Europeans and the U.S. Election

Philip H. Gordon
Philip H. Gordon Former Brookings Expert, Mary and David Boies Senior Fellow in U.S. Foreign Policy - Council on Foreign Relations

March 17, 2008

Visiting European politicians, officials, and journalists are hardly rare sightings in Washington, D.C. Indeed they stream through regularly, at all times of year, to get updates on the latest developments in what used to be called the capital of the free world. Lately, however, this constant stream has turned into a deluge. Not a day goes by without visitors from Europe offering an expensive lunch to anyone remotely in a position to tell them who is advising whom, to analyze the latest primary results, to speculate on the next ones, or to predict the policies of the likely party nominees. (The truth, of course, is that most of us know little if anything more than our visitors do about these things, but that rarely stops us from accepting an always pleasant lunch.)

Europe’s interest in the upcoming American election is well warranted, and not only because of the drama of close races or the historic nature of some of the main candidates. It is well warranted because Europeans realize that whereas they have no vote, the outcome of the U.S. election could in some ways impact them nearly as much as it does Americans themselves. As a visiting Italian member of the European parliament recently told Roger Cohen of the New York Times, “We’ve learned that a good or bad U.S. president can make the difference between war and peace. A good or bad Italian prime minister makes no difference at all.”

I won’t touch the notion that an Italian prime minister makes no difference at all (though I could point out that at the time of this writing Italy doesn’t actually have a prime minister). But it is impossible to disagree with the first point. While many analysts and scholars often suggest that U.S. foreign policy is determined primarily by “structural” factors, “objective” interests, or an “enduring” strategic culture, the reality is that individuals—sometimes elected narrowly and for the most capricious of reasons—can have an enormous impact on the lives of people all over the world. Does anyone doubt that U.S. foreign policy over the past eight years would have been very different had Ralph Nader’s presence on the ballot in the state of Florida not cost Al Gore the 2000 election and left it to George W. Bush to manage what would become the “war on terror”?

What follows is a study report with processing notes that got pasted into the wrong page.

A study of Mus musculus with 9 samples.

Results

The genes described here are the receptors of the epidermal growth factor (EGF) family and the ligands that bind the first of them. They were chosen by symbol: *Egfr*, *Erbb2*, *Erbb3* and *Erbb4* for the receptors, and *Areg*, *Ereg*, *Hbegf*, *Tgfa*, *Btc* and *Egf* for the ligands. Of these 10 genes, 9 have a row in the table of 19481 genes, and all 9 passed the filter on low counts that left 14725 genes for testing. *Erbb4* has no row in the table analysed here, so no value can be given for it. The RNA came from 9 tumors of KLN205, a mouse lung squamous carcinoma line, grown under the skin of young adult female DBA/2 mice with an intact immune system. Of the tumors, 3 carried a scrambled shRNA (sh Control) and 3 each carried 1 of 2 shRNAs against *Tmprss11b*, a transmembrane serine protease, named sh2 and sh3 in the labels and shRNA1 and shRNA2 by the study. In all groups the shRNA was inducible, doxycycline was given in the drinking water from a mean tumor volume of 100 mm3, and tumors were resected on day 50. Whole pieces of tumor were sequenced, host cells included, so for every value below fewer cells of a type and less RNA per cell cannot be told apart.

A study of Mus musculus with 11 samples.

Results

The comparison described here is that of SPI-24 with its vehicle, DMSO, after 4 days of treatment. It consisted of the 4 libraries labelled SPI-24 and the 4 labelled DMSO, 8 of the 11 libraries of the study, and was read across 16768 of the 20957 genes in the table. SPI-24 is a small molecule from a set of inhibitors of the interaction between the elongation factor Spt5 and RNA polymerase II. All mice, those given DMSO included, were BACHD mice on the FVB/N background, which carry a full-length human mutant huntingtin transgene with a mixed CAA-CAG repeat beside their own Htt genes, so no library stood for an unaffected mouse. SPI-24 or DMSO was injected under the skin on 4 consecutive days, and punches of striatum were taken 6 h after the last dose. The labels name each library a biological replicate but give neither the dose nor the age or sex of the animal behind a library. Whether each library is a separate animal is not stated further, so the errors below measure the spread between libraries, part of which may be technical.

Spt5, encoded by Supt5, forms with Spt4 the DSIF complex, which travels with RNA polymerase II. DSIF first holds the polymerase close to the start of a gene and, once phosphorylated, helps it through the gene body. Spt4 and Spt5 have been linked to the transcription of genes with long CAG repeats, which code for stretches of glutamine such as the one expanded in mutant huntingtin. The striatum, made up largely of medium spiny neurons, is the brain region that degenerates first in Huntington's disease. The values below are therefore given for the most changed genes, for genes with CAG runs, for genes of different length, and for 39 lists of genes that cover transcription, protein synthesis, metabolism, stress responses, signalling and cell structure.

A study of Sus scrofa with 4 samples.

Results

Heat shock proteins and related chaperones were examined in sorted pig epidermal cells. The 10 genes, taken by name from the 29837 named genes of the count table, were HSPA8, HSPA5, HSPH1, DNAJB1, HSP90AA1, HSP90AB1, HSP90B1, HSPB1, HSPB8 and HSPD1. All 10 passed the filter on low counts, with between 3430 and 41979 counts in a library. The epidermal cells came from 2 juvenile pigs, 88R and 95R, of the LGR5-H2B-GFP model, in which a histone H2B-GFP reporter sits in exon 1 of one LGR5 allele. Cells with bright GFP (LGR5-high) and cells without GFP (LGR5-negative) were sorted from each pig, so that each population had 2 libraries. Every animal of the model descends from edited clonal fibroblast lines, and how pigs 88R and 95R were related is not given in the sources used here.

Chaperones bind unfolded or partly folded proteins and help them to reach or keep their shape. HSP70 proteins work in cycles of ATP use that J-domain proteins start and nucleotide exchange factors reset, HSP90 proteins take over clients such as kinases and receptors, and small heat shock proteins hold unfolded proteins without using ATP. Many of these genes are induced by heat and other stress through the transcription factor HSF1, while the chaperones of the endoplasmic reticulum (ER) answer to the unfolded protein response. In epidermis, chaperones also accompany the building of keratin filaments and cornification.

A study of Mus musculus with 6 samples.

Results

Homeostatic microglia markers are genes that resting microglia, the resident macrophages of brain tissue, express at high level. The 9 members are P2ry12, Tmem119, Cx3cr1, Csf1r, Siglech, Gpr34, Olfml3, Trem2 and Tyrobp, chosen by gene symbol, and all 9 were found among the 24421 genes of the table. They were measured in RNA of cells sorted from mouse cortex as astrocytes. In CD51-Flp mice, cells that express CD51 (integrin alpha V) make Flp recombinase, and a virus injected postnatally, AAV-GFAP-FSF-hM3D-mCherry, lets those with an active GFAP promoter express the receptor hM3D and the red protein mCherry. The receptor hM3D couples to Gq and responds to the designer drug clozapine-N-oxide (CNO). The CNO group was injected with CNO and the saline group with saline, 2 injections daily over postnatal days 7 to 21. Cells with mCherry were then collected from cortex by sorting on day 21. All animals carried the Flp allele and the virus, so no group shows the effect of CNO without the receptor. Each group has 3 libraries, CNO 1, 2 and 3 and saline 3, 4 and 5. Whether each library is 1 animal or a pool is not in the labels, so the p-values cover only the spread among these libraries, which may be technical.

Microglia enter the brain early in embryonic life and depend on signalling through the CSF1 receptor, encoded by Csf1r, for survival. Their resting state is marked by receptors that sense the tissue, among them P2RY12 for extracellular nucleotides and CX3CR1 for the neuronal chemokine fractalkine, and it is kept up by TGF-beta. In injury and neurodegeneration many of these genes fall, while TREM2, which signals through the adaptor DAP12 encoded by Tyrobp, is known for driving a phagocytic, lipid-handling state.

Will the 2008 election matter as much as 2000? All signs are that it very well could, regardless of whether Barack Obama or Hillary Clinton end up winning what is currently a very close Democratic race to face the likely Republican nominee, John McCain. While widely and rightly seen as a maverick for his willingness to buck the Republican mainstream on issues like campaign finance reform, immigration, and gay marriage, on foreign policy McCain would represent far more continuity with the Bush administration than either of his democratic rivals. Even allowing for the fact that each side is playing for its party’s base during primary season and could move toward the center for the general election, the differences are striking.

Even before 9/11, McCain embraced much of the neoconservative foreign policy agenda the Democrats are now running against. The Arizona senator now calls Islamist extremism the “transcendent” threat of our time and promises to remain “on the offensive,” while Obama and Clinton argue that America must focus on restoring its moral standing in the world even as it vigorously defends against the terrorist threat.

On the war in Iraq, McCain is for maintaining or increasing the number of U.S. forces and says “never surrender” while both Democrats call for rapid if careful withdrawal. On Iran, McCain insists the only thing worse than a military attack on Iran is an Iran with nuclear weapons while the Democrats say only they will “do everything possible” to stop the Iranian bomb and will negotiate directly with Tehran. On trade, McCain strongly supports current and prospective free trade agreements while his Democratic rivals have been led by the coming U.S. recession to question their value. And on Europe, both sides want to restore the health of the shattered transatlantic relationship, but McCain has trouble hiding his view of Europeans as pusillanimous allies.

There are also some important similarities, of course. McCain breaks with Bush and most of his party on the issue of torture – like the two Democrats he wants to ban it unambiguously in law and in practice – and he’s a rare Republican supporter of aggressive action on global warming. But I think these are easily outweighed by the differences and that Europeans instinctively understand that what Americans decide in November 2008 will have dramatic consequences for them and for the rest of the world.

I have some further insights into what is at stake in this race but I need to save something for an upcoming lunch.